Improper use of antibiotics can inhibit health and delay recovery

By Maria Ciminelli, MD, FAAFP

As a primary care physician at the CentraState Family Medicine Center, one of the most common requests I receive from sick patients is for an antibiotic prescription. Because of these medications’ success in treating a plethora of bacterial infections, many patients view it as a broad panacea to cure any and all ailments. But the truth is that antibiotics only work against infections caused by bacteria, fungi and certain parasites. Unfortunately, antibiotics are ineffective in the treatment of common viral infections related to most colds and flu.

Dangers of overuse

The American Academy of Family Physicians, The American Academy of Pediatrics and The Centers for Disease Control and Prevention (CDC) have been strongly urging doctors to limit the prescription of broad-spectrum antibiotics. Prescribing Penicillin, Amoxicillin, Zithromax, and Tetracycline (some of the most common drug names) when they aren't appropriate can cause more harm than good. Overprescribing antibiotics can make the drugs less effective against the bacteria they are intended to treat by fostering the growth of antibiotic-resistant bacteria. Antibiotics can also wipe out the body's good bacteria which help the body to digest food, produce vitamins and protect it from infections.

It can sometimes be difficult for doctors to differentiate a bacterial infection from a viral one. As a general rule of thumb, infections like bronchitis, caused mostly by viruses, and pneumonia are usually diagnosed by listening to the lungs with a stethoscope. If there is doubt, X-rays can often tell the difference. For sinus infections, doctors will typically hold off on the early use of antibiotics but consider using them if symptoms worsen or do not subside after seven to ten days.  Most sore throats are also caused by viruses and should not be treated with antibiotics unless you are found to have strep throat.

Five Important Patient Guidelines

            In regard to your use of antibiotics, I encourage you to follow these recommendations:

  • Do not take an antibiotic for a viral infection like a cold or the flu.
  • Do not take antibiotics prescribed for someone else or another medical condition as it may not be appropriate for your illness; using the wrong antibiotic can allow other bacteria to multiply, cause side effects or new infections and inhibit recovery.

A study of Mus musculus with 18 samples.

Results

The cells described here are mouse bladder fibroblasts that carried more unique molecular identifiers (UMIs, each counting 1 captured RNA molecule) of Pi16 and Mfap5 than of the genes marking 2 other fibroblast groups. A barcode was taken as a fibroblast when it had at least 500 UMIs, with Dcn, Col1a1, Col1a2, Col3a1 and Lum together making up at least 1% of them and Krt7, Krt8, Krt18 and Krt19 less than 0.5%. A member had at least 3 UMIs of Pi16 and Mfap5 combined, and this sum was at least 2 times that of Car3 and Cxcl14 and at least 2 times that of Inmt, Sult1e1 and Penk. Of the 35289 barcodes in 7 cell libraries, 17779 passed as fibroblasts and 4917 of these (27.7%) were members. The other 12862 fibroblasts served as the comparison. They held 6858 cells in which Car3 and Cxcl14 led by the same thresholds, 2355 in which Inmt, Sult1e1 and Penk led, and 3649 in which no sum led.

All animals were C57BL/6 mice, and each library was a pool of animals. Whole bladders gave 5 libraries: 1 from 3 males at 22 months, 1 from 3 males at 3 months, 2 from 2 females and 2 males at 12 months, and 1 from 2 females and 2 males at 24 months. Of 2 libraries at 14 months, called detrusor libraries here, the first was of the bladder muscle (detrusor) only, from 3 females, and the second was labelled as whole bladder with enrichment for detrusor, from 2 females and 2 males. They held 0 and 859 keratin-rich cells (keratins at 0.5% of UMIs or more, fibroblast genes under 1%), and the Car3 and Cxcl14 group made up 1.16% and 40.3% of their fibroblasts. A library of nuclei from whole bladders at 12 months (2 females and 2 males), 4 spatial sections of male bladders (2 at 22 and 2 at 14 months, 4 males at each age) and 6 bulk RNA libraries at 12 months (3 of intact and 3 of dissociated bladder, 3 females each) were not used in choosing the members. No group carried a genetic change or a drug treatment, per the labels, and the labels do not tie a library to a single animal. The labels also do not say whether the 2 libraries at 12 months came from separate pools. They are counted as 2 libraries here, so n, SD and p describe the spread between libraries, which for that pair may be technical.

• Complete the full course of antibiotics as prescribed by your physician.  Discard leftover medication after you’ve taken the full prescribed dosage.
  • Talk with your healthcare provider about antibiotic resistance, asking whether an antibiotic is likely to be beneficial for your illness or what else you can do to feel better sooner.
  • If your doctor determines you do not have a bacterial infection, talk about other treatment options.

To learn more about antibiotic usage recommendations, consult with your primary care physician. The Family Practice of CentraState and the CentraState Family Medicine Residency Practice provide high-quality, primary medical care to Freehold-area residents from infancy to seniors. The practices are recognized by the National Committee for Quality Assurance (NCQA) as Patient Centered Medical Homes. To learn more, or locate a primary care doctor in your area, call CentraState Medical Center at (866) CENTRA7 or search the physician database at centrastate.com/doctors.

Dr. Ciminelli is a board-certified family medicine physician on staff at CentraState Medical Center where she serves as program director of the CentraState Family Medicine Residency Program and medical director of the CentraState Family Medicine Residency Practice. She is also assistant professor at the Rutgers Robert Wood Johnson Medical School. Dr. Ciminelli can be reached at CentraState’s Family Medicine Center by calling 732-294-4009.